I’ve been a wine enthusiast for most of my life. But there are so many wines I’ve never heard of. I’ll share some of them with you here. If you’ve tried them, I would love to hear about your experiences. Thank you to Buzzfeed, Washington Tasting Room, The Manual and Red Wine for their help with this article. In many cases, I quoted these pieces directly.
Red Wines I’ve Never Heard Of
- Marvud is a grape comes from Bulgaria, where it has grown for 5,000 years! According to the book Red Wine, “the nose exhibits aromas of dark fruits, such as black plum, blackberry and cassis. Strong up-front tannins yield to luscious dark fruit flavors and secondary flavors of saddle leather and smoked meats, and you’ll find quite a bit of spice in the persistent finish. YUM! Enjoy it with grilled meats and heavy stews.
- Blaufränkisch is an Austrian red wine that is acidic, fruity (cherry) and highly drinkable. You can pair it with lighter meats and pastas.
- Nerello Mascalese is a light-bodied red wine. The grapes for it grow on the slopes of Mount Etna in Sicily. Despite its rarity, the wine offers amazing value and a taste profile that’s often likened to fine Pinot Noir.
- Okuzgozu has umlauts over the two o’s and two u’s and is pronounced like this: o-KOOZ-go-zoo. It is becoming the most important grape in Turkey. It is a medium-bodied wine known with flavors of black cherry, lavender, brambles, chocolate and a hint of green bell pepper. It is best when oaked minimally or not at all, and it is a wine that you drink young. Pair this wine with chicken, pasta or kebabs.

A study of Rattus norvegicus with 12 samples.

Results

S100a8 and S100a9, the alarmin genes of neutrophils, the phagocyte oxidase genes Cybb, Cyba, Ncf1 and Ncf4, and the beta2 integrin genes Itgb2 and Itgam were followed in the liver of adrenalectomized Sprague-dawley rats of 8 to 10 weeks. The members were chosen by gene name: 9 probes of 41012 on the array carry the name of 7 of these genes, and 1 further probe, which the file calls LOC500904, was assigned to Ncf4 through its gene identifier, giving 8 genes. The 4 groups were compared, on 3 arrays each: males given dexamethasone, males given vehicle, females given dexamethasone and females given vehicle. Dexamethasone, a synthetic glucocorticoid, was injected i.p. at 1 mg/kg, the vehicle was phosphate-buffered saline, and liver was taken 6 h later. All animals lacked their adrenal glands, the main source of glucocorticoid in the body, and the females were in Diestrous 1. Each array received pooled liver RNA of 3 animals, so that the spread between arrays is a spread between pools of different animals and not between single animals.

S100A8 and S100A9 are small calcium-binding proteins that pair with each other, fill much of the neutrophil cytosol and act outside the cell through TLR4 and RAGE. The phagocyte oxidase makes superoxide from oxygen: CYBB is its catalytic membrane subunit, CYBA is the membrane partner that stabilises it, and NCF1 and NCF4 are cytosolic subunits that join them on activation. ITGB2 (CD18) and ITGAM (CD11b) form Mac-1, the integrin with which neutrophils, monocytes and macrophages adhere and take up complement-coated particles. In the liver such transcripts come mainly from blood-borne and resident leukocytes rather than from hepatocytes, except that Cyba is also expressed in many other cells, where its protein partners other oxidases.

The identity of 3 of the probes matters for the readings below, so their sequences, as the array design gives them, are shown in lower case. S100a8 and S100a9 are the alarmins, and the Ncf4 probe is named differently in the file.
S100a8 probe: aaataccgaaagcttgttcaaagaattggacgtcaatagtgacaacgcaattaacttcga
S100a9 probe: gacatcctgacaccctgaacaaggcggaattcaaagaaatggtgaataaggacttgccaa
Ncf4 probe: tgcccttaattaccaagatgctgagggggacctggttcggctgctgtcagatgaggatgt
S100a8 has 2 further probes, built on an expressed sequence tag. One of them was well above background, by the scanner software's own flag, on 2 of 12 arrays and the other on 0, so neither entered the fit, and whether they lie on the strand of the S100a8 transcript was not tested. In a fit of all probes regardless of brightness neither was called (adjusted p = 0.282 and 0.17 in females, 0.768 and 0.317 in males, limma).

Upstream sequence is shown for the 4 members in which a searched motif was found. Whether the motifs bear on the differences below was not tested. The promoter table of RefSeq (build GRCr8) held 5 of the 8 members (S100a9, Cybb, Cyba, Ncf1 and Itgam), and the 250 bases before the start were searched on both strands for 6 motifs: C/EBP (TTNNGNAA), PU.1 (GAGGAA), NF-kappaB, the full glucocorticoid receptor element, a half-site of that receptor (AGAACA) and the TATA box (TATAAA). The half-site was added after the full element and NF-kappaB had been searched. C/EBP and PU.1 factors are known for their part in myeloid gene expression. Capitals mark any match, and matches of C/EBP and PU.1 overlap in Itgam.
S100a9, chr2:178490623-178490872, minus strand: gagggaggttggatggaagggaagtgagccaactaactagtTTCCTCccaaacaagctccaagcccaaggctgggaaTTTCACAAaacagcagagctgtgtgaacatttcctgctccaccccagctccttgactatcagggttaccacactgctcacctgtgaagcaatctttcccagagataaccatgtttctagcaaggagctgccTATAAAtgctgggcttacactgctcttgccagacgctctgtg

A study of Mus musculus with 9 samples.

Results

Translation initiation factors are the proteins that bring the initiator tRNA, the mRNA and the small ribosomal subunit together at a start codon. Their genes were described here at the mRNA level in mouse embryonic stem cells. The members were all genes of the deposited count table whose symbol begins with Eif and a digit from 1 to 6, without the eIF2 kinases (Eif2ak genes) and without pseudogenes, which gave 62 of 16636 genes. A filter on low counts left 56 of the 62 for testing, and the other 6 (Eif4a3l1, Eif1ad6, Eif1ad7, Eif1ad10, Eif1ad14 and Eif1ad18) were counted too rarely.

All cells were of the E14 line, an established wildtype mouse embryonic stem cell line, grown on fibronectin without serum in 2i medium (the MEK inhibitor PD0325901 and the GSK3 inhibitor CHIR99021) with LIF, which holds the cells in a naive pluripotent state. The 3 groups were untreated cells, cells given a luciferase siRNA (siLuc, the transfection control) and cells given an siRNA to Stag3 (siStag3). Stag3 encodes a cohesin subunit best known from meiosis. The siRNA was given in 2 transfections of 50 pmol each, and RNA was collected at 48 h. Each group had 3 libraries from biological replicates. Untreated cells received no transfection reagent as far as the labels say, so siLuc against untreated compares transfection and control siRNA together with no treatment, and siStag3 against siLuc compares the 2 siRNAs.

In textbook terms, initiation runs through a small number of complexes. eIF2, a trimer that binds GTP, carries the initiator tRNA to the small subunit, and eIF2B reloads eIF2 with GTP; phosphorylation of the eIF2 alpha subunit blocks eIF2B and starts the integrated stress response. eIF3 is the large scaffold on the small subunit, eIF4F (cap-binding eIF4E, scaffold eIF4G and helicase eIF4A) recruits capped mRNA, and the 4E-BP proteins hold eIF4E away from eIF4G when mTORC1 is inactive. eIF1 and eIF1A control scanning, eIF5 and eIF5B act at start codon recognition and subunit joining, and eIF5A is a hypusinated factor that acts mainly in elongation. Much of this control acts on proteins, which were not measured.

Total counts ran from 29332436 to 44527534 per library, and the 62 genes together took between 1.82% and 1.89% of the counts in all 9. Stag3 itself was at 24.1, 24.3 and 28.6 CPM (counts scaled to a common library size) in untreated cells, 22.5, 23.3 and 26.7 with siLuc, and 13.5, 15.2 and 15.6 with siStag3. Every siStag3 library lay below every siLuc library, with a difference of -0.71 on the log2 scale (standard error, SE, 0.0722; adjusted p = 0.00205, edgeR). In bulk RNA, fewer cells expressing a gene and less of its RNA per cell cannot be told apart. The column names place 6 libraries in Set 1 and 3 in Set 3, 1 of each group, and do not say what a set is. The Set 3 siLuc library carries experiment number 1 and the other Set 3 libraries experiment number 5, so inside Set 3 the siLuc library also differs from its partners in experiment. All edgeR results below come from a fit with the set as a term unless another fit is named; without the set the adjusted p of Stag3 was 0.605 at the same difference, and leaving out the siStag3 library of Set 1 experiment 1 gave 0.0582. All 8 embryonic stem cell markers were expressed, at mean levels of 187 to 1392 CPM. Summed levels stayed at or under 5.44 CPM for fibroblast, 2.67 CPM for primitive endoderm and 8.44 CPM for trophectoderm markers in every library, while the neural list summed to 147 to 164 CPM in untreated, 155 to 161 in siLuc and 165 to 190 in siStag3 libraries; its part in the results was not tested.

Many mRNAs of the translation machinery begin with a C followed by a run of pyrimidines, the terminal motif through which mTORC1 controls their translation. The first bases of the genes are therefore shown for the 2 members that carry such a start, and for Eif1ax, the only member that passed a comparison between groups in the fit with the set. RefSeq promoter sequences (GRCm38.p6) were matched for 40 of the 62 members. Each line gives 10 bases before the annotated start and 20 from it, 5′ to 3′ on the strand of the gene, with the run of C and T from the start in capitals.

White Wines I’ve Never Heard Of
- Falanghina is one of the most ancient wine grapes that is now grown mostly in Campania, the Italian region that borders the Tyrrhenian Sea and is home to the Amalfi Coast. This wine is full of lemon, orange blossom, pear, and apple, making it a great substitute for a cooler climate Chardonnay. It’s the perfect match for seafood, but it can also stand up to heavier foods like pizza and grilled chicken. YUM again.
- Assyrtiko is a white wine from Santorini, Greece that goes perfectly with a big Greek salad loaded with ripe tomatoes, creamy feta cheese, and crunchy cucumbers…or a plate of grilled shrimp or branzino drizzled in olive oil and lemon. Because it’s so acidic, you can gulp it down like juice if you’re not careful.
- Siegerrebe (pronounced Zee-gar-RAH-beh) was a grape invented in Germany in 1929. The name translates to “victory wine.” It got that name because of its record-breaking yields. According to Larch Hills Winery, the wine “tantalizes the taste buds of every wine taster unexpectedly.” It has a rich gold color and, as a distant cousin to Gewürztraminer, gives off a “honeysuckle muscat” aroma with notes of lychee. It also carries the scents of rose petals and various spices with hints of tangerine and pink grapefruit. These scents can be deceiving as people would assume the sweet fruit aroma of Siegerrebe gives off a generally sweet taste. In actuality, this wine is much drier than its smell.
Once again, I would love to know if you’ve tried any of these wines.